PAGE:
Boxer/Fidelity building demo to commence
A $350,000 demolition of the former Boxer/Central Fidelity Bank building at 200 East Main on the Downtown Mall is scheduled to begin in a "couple of weeks," according to a representative for Minor Family Hotels, the firm building a 9-story "boutique" hotel on the site. See photo right. Given the history of this hotel idea, which was proposed by developer Lee Danielson in 2004, it's hard to believe it's really going to happen, but according Cliff Harrison, an owner's rep for Minor Family Hotels, it's a done deal. "Yes, it's going to happen," says Harrison. "We'll start by putting up barricades around the site, and then the demo should take about two months." Everything but the black granite facade and eight feet of wall down Second Street is scheduled to be demolished. Harrison says
he expects the full arsenal of demo equipment to be on hand, back-hoes, bulldozers, and wrecking balls. After that, he says the estimated $30 million hotel project should take about 16 months.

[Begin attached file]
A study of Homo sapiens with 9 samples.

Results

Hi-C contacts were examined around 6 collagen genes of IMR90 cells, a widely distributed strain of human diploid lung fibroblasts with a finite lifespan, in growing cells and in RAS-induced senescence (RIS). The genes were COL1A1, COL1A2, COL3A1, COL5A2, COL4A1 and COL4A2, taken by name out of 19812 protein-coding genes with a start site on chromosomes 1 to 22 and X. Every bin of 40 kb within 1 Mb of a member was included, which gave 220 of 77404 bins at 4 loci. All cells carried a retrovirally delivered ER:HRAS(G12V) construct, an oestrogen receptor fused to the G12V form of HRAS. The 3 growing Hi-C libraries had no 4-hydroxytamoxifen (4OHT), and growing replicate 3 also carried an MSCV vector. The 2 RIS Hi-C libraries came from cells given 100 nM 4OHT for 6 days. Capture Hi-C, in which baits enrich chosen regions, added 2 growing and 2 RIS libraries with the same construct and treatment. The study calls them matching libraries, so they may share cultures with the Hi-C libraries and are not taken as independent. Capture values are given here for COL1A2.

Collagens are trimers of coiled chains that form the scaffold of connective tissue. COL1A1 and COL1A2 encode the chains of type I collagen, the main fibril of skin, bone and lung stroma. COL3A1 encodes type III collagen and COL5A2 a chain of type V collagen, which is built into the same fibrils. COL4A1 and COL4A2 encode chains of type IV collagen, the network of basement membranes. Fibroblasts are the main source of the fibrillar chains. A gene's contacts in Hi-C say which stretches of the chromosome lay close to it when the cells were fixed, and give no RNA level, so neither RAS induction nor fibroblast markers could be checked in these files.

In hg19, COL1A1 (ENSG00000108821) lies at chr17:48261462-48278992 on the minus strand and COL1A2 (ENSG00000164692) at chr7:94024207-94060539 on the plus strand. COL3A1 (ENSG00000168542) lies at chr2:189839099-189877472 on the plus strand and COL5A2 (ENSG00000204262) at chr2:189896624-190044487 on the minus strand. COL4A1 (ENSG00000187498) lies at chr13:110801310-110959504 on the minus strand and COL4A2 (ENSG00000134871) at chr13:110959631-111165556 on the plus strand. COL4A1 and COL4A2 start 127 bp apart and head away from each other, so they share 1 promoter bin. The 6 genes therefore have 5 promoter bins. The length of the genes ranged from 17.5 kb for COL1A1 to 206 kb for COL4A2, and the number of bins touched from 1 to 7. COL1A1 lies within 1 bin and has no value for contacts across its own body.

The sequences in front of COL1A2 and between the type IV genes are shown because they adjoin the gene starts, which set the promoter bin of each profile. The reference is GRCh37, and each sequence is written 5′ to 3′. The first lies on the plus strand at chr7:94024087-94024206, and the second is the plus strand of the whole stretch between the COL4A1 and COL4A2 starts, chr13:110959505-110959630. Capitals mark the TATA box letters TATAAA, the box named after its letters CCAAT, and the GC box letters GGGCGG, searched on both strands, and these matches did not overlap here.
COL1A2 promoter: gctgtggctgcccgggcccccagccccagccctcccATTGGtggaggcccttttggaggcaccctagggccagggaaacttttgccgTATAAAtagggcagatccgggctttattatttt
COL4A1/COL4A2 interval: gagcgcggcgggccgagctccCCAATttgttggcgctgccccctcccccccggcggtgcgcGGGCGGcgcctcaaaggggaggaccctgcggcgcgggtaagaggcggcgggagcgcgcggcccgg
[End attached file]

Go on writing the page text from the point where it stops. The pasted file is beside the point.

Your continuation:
Luckily, construction projects don't take as long or are as complicated as finding the money and will to fund them. Since 2000, when Danielson and then partner Colin Rolph bought both the Fidelity bank building and the parking lot they later donated to Live Arts for $1.8 million, the building has been passed around like a hot potato. In fact, the various owners of the building have made nearly $4 million buying and selling it since then. Of course, Danielson has technically purchased the building three times and sold it once. First, he bought it with Rolph and their D & R development company. Then, after an ugly break up with Rolph, a judge ordered that D & R be dissolved and its assets sold off, which included a number of downtown buildings. While a court-appointed receiver was ordered to sell the properties for top dollar, Danielson and Rolph were given first dibs. In 2002, under his Brahm II LLC, Danielson bought the Fidelity building again for $3.3 million. After his attempts to find an investor for his hotel project failed–- Danielson alleged at one time that Coran Capshaw was interested–- Danielson finally sold the building to developer Oliver Kuttner in 2006 for $3.7 million. Kuttner had plans to create offices and apartments, and even began interior demolition, but eventually decided to sell it back to Danielson, who had now found an investor, millionaire Halsey Minor, the founder of CNET, who purchased the building last August under his Minor Family Hotels LLC for $4.5 million. Whew! Compared to all that, building it should be a breeze!